Get Inglewood Park Cemetery essential facts below. View Videos or join the Inglewood Park Cemetery discussion. Add Inglewood Park Cemetery to your PopFlock.com topic list for future reference or share this resource on social media.
Inglewood Park Cemetery, 720 East Florence Avenue in Inglewood, California, was founded in 1905.
 A number of notable people, including entertainment and sports personalities, have been interred or entombed there.
Left, the chapel; right, entrance and general view, from a newspaper advertisement, 1907
The proposed establishment of "the largest cemetery in the world" was announced in November 1905, to be "on a high strip of ground two miles southwest of Los Angeles."
In 1907, a "handsome, two-story, white granite chapel" was completed at a cost of "about $40,000."
Also in 1907 the management placed an order "with the factory in the East" for a $12,000 funeral car to be used "on the electric line" that ran on a right-of-way off Redondo Boulevard (today's Florence Avenue) in front of the cemetery.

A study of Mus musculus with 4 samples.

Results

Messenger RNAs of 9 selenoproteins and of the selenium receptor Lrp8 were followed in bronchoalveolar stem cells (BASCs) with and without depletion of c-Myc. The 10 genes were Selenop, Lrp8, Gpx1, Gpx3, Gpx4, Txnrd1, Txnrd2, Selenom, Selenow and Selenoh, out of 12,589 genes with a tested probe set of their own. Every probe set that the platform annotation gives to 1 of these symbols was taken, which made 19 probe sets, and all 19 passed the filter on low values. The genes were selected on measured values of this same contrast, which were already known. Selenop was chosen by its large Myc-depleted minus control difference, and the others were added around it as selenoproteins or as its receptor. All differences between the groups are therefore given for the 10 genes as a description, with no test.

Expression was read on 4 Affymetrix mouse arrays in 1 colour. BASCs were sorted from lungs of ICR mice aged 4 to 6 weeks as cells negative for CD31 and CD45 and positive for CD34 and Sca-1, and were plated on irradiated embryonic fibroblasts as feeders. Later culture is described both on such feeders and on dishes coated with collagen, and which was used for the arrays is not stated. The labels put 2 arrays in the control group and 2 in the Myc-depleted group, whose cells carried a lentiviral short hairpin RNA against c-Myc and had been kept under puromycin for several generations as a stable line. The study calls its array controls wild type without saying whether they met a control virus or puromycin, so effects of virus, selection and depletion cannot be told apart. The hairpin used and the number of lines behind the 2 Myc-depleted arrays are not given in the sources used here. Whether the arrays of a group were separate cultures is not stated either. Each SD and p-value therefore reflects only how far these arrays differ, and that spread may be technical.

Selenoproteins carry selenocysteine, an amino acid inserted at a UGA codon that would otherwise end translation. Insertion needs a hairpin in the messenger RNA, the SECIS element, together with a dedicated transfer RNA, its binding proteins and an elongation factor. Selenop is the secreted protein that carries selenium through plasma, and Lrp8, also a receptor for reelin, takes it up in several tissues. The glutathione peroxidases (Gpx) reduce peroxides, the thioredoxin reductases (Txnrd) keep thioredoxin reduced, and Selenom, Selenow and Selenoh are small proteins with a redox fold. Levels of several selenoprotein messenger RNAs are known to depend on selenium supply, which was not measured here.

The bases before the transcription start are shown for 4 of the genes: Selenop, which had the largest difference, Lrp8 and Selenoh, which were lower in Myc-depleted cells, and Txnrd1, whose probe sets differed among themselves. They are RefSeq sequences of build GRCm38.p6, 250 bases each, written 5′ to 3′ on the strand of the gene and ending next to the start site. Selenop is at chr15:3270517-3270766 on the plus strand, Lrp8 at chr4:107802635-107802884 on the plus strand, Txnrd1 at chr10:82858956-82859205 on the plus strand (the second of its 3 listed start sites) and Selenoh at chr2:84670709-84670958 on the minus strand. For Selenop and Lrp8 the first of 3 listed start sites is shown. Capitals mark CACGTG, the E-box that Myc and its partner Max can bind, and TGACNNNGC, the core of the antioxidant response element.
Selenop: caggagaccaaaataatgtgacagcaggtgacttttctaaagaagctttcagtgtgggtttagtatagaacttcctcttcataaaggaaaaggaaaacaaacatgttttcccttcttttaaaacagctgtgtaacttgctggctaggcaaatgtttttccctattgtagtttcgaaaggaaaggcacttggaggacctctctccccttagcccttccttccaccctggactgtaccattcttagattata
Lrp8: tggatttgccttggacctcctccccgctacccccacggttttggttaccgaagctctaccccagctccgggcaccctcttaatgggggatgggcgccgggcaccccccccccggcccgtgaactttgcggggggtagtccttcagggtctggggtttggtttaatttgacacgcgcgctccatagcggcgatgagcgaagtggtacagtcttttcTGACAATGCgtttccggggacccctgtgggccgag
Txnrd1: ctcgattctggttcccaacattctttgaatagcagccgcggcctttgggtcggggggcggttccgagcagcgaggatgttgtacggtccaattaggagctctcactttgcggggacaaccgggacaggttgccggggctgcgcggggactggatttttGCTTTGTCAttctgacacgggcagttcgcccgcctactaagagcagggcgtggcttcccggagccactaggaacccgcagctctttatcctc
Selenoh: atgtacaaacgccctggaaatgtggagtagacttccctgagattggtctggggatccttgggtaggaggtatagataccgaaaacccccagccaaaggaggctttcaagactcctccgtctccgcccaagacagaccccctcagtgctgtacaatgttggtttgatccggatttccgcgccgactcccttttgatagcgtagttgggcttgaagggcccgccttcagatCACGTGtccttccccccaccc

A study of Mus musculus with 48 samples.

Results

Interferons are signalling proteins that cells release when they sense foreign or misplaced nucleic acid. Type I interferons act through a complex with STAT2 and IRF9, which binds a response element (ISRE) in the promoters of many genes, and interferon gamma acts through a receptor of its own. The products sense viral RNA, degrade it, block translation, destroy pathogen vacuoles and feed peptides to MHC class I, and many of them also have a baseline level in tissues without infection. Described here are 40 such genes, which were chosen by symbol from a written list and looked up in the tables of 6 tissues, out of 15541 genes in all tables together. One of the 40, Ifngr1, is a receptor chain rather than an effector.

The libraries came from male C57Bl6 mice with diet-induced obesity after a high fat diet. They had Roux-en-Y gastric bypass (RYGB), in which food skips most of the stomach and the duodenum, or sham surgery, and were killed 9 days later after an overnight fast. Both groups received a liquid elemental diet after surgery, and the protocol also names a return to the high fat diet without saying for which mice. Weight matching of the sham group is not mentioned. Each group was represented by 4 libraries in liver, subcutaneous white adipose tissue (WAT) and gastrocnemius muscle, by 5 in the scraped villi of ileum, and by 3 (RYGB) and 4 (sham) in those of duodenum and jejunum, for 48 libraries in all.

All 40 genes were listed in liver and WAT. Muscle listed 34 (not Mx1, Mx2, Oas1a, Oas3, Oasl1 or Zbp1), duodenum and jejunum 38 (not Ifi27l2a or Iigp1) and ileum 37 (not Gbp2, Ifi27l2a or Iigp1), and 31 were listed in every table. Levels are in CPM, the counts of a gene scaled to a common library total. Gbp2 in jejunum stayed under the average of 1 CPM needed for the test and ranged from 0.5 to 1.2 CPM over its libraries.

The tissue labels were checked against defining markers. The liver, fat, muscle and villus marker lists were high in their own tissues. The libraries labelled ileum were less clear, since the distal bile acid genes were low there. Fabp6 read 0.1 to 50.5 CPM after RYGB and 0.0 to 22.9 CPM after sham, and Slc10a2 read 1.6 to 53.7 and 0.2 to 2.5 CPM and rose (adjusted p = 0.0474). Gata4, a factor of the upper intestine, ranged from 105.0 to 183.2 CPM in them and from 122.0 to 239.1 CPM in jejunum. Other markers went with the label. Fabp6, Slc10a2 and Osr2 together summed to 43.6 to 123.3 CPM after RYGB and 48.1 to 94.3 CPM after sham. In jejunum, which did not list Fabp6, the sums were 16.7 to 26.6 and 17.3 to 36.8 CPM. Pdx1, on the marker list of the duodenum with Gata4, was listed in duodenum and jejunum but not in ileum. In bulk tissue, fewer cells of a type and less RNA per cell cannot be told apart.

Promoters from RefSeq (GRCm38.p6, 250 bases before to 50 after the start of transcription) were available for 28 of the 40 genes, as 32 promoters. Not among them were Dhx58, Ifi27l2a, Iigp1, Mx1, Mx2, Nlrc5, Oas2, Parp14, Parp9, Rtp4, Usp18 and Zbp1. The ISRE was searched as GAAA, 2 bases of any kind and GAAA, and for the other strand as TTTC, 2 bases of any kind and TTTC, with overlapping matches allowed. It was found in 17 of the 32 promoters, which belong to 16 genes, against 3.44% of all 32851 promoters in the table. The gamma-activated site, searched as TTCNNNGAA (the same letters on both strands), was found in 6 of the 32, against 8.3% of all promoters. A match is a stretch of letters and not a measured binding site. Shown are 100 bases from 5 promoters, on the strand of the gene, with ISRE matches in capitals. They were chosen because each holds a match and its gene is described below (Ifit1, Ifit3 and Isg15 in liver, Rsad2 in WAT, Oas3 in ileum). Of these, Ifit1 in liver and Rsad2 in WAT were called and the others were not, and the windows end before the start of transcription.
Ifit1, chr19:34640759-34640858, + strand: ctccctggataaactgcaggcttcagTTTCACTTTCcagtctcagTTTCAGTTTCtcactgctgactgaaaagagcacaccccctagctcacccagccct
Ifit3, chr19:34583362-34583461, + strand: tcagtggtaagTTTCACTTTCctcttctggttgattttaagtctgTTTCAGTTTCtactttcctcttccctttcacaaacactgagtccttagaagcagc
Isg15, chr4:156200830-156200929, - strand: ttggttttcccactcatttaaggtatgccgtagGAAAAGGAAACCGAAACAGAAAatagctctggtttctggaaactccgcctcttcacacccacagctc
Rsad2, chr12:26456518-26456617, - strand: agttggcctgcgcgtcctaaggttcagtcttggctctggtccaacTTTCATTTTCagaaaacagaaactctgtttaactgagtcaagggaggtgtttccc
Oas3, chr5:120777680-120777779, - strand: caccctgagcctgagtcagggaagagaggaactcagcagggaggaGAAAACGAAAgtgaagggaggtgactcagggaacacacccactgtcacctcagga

Early backers of the Inglewood Cemetery Association were Senator Robert N. Bulla, Mark G. Jones, Robert H. Raphael, Tom Hughes, P.W. Powers, Byron Oliver, B.J. or V.J. Rowan, F.K. Eckley, C.B. Hopper, Harry M. Jack, John R. Powers, George Letteau, Jennie Wild, and Will G. Nevin. Others were P.W. Powers and D.S. Patterson.
In 1907 the directors were Mark G. Jones, F.K. Eckley, Robt. N. Bulls, John C. Rupp, Robt. H. Raphael, Geo. H. Letteau, and Chas. B. Hopper. The officers were Mark G. Jones, president and treasurer; Chas. B. Hopper, vice-president; F.K. Eckley, secretary; V.J. Rowan, engineer, and Captain L.G. Loomis, superintendent.
Another was the September 12, 1908, funeral of Los Angeles city Police Chief Walter H. Auble, who was shot and killed in the line of duty. Thousands came from Los Angeles on carriages and aboard special Los Angeles Railway streetcars.